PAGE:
I am by no means an expert on traveling or on being alone. I create massive havoc when trying to pack for any trip longer than two days. I'm a true extrovert, always preferring to be in the middle of the action surrounded by familiar faces.
However, thanks to my first international move to Thailand in 2015, I discovered a deep love for traveling solo. Everything that I dreaded as an extrovert - like being an outsider and having to keep my constant commentary to myself - I grew to appreciate.
These days, I'm living in the eastern Marche region of Italy, teaching English and working on my Italian language skills.
Here are a few practical, pre-trip tips I’ve learned over the past couple years as a solo traveler.
Open tabs until your computer rebels.
Do plenty of research and choose wisely. If this is your first time traveling alone, you may not be used to taking on the decision-maker role when it comes to itineraries. Research your destination and read everything. Every city has unique activities, food, and cultural experiences; instead of making a monstrous list, only select the activities that truly get you excited.
Don’t feel guilty for skipping certain sites or attractions simply because they are famous or because you might break your history teacher’s heart. If you don’t like spending hours in a crowded museum, then don’t go to the Louvre. A seasoned traveler once told me that you want to leave something to come back for, so maybe save that eight-course tasting menu for a different trip with your foodie friend and plan to stop for street food instead.
Tell everyone where you are going.
Share your travel plans with friends, coworkers, neighbors, and cousins. If anyone offers to put you in touch with a friend or distant relative in your destination country, take them up on it! Whether or not you plan to be in their city or neighborhood, it never hurts to have an acquaintance in your back pocket. If you decide to visit that city for the weekend, you can Facebook message them to get a drink or ask for insider feedback on your itinerary. Once you start talking to people, you will be surprised at how many unexpected connections you already have to your destination.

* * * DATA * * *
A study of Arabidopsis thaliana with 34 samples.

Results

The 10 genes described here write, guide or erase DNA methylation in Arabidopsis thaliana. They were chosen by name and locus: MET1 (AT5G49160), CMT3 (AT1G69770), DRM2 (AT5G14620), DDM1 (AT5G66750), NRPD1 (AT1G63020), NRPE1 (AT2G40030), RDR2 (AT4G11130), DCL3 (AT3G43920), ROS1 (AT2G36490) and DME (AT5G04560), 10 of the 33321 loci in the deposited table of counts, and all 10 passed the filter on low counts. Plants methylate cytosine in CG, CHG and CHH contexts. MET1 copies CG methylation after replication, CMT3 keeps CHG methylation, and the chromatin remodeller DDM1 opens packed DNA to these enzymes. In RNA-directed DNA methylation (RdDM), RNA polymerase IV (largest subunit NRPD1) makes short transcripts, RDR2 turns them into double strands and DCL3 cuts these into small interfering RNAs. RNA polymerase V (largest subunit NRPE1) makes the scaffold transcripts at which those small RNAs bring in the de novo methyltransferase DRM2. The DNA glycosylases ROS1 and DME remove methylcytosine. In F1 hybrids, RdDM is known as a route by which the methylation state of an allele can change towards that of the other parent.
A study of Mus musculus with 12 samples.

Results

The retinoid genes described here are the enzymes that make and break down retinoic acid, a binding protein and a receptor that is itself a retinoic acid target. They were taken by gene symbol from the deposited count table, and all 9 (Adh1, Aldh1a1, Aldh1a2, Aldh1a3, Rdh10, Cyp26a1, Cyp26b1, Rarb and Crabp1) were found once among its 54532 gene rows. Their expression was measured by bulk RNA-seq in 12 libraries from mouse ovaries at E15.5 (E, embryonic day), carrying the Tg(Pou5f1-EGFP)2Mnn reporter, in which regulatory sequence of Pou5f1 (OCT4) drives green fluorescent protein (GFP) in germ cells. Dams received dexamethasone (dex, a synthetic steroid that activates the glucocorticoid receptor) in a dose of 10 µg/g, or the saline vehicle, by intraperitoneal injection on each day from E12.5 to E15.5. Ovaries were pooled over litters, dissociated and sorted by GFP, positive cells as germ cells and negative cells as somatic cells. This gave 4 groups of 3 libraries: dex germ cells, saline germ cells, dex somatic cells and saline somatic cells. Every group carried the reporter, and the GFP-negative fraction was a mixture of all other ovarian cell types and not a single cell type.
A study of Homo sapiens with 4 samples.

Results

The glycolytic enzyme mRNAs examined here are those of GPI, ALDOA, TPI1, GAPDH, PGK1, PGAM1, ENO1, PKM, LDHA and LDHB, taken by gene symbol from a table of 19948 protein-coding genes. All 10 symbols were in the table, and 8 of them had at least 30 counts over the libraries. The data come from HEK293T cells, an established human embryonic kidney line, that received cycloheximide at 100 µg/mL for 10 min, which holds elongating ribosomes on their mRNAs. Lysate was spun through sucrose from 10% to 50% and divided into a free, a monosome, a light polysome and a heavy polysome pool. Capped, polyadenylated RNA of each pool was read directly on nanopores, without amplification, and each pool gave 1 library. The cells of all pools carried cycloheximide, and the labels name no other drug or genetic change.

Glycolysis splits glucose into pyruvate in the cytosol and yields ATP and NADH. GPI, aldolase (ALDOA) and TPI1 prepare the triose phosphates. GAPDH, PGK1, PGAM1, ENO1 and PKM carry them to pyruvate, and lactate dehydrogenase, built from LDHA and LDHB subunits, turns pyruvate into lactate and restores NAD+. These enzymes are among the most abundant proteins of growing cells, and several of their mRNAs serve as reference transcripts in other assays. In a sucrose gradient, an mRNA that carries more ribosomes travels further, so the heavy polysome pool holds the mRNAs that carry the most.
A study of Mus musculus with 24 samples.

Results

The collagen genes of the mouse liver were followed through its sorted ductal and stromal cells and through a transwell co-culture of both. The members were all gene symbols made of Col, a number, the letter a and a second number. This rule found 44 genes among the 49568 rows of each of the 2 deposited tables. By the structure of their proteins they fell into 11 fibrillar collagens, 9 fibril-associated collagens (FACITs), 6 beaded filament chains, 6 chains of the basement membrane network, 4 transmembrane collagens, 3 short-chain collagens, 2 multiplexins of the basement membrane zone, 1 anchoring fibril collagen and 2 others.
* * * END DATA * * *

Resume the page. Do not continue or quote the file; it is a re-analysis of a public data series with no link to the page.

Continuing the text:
Google Maps is the best.
Google Maps lets you download sections of a city, so you can access the full map features while offline. I've found this trick incredibly useful. Find your destination on your phone’s Google Maps app, type “okay maps” into the search bar, then search and select an area to download. I cannot recommend it enough! The map will take up a bit of space, but you can easily delete it after your trip.
Additionally, I find it helpful to save the places on my itinerary - hotels, airports, attractions, or restaurants - so that they always show up on the map. It helps me orient myself quickly and understand the lay of the land.
The most tedious of the tips: scan your entire life story.
Create a Dropbox folder with your passport, flight itinerary, birth certificate, Social Security card, health care information, vaccination list, transcript/diploma/certifications, resume, passport-quality photos, and anything else that might come in handy should something unexpected arise.
As for hard copies, I travel with my flight itinerary, hotel confirmation, extra passport-quality photos, and a photocopy of my passport. Nearly all of these documents have saved me at one point or another while living and working abroad.
In my next post, I'll focus on "When in Rome" tips!